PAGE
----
Ann Bybee-Finley, Soil and Crop Sciences

What is your area of research?

I study agroecology in the field of soil and crop sciences in the School of Integrative Plant Sciences. Agroecology is the study of agriculture as an ecosystem and draws a lot of from ecology.

What inspired you to choose this field of study?

Many small life events. I have always been driven by the desire to serve my community. Plants make happy, the way they interact with each other and other organisms is wondrous. A long fascination with the notion that humans can better integrate themselves into natural ecosystems by reconfiguring our paradigms of how we produce food.

Why is this research important?

Looking at the landscape of U.S. agriculture we have less people in touch with the food system than ever before, we spend the lowest amount of our wage on food, about one in seven people in our population is food insecure (my whole home state WV is a food desert), we have a declining farm population (1.8%), we have an increasing farm size, the majority of agricultural subsidies go to the largest farms, we have decreasing or stagnant funding for extension and outreach, and the largest agrochemical companies are in the process of buying each other up, not to mention that agriculture is responsible for about 10% of greenhouse gas emissions and nutrient pollution is causing vast dead zones on our coasts. There are two ways to look at these problems, you can say this agricultural system is inefficient and let’s try to improve our practices. Or you can say this current agricultural system is problematic, why don’t we spend time on examining alternative systems. Eventually the solution will be somewhere in the middle, but I think you will get better progress by using both approaches. I think a lot of agroecological ideas are coming from that alternative system perspective.

Personally, I am examining different practices, like intercropping and double-cropping, Northeastern dairy farmers could do to maintain farm productivity and improve soil health, which reduces their risk of being affected by droughts or floods.

How has your background influenced your scholarship?

I have always liked the idea of dynamic equilibrium, a stable system but in a state of flux. I like this idea at a small-scale and so I studied biochemistry and I like this at a large geopolitical scale, which is why I studied international development. I have had the privilege to travel to about 40 counties, and I have seen their agriculture and experienced their food culture; that has given me a lot of perspective.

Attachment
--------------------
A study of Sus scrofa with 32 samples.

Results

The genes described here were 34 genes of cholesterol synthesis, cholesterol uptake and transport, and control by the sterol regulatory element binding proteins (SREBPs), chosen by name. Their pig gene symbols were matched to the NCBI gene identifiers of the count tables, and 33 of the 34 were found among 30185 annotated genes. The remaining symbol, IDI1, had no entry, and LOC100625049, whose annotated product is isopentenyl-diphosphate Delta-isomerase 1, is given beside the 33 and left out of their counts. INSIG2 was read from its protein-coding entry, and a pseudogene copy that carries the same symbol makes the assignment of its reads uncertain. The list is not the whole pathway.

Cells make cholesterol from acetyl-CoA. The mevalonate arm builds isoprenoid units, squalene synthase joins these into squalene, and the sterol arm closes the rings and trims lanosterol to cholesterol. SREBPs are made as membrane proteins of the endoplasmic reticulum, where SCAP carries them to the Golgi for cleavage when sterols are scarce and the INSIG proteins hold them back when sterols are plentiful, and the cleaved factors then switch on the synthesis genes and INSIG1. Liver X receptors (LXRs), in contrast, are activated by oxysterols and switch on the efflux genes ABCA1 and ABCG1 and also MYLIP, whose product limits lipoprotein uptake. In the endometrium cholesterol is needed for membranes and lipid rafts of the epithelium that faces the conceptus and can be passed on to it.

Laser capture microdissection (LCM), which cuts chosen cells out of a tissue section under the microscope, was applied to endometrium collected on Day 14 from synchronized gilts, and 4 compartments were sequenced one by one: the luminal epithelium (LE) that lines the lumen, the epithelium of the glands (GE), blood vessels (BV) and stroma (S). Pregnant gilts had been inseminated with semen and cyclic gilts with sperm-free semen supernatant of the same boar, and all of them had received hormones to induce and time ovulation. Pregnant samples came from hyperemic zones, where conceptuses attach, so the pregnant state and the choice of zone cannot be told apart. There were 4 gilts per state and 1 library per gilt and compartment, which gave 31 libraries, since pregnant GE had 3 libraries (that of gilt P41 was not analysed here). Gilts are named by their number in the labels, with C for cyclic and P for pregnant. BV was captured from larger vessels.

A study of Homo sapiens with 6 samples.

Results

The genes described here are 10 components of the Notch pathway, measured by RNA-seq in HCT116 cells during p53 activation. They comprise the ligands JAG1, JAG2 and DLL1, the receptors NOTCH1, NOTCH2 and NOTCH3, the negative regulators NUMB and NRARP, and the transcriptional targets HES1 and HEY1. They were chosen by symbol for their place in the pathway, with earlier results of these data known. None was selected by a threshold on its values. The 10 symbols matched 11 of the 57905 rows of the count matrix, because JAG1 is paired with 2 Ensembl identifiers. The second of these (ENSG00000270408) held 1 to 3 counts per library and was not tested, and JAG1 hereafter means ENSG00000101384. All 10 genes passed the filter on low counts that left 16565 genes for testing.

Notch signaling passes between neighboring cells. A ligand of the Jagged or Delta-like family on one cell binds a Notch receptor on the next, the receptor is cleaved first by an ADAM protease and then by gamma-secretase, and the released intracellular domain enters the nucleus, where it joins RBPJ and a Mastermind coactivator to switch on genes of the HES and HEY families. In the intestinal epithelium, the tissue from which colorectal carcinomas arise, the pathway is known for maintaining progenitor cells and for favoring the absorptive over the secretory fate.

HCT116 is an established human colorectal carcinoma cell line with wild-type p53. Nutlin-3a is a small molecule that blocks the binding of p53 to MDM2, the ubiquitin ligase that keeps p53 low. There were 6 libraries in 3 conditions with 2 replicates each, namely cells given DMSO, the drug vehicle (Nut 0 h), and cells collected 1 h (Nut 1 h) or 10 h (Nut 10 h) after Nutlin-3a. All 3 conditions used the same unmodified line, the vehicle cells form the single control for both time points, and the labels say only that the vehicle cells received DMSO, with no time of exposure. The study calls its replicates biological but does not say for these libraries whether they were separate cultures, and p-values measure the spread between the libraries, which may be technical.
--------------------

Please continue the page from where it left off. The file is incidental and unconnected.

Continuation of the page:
What else has influenced your thinking as a researcher or scholar?

Remembering that everyone makes mistakes and that failures are a part of being human. Other influencers are my family, my friends, reading a lot—news, fiction, nonfiction, agriculture policy, and speaking with people outside of my discipline. Certainly my advisor Matthew Ryan and my labmates in the Sustainable Cropping Systems Lab. My identities as a woman, as an Appalachian, as a person who has seen death up close.

I understand that you’ve been named a 2017 Future Leader in Science by the American Society of Agronomy (ASA), Crop Science Society of America (CSSA) and Soil Science Society of America (SSSA). Congratulations! What does this award mean to you?

Thank you. I think as a young scientist you have new ideas and it feels great when your work is recognized or validated. I hope it means other things will be more likely to happen—I’d like for everyone to be aware of the field of agroecology. But it certainly begs the question, at what point does a “future leader” become a “leader”?

As part of this award, you traveled to Washington, D.C. to attend the annual ASA, CSSA and SSSA Congressional Visits Day. What was that experience like?

We were there advocating for AFRI (Agriculture and Food Research Initiative) funding, which is the largest competitive grants program for agriculture research. It is currently funded at about half the amount that has been allotted, which means a lot of research ideas that should be funded, aren’t. How would our agrofood system look different if they were? It was eye-opening to hear what questions congressional staffers asked, a lot of their questions were focused on economics, which was not surprising but a little sad because economics is just one perspective, but one that is currently overrepresented in policy-making.

Why did you choose Cornell to pursue your degree?

Cornell had the world’s best Agronomy Department and Matthew Ryan is the most amazing advisor anyone could ask for.

What’s next for you?

Next month I’m headed to California because my team (4 Johnson MBA students and 1 MS student in behavioral economics) made it to the final rounds of a case competition for Patagonia about how to source regenerative organic agriculture products. The usual grind of working to publish research. More advocacy for agroecology and extension.

Any advice for incoming graduate students?

Take the time to figure out what research questions make you happy because you are going to spend a lot of hours with them. And again, remembering that everyone makes mistakes and that failures are a part of being human.

Interview by Sally Kral, communications and outreach assistant in the Graduate School.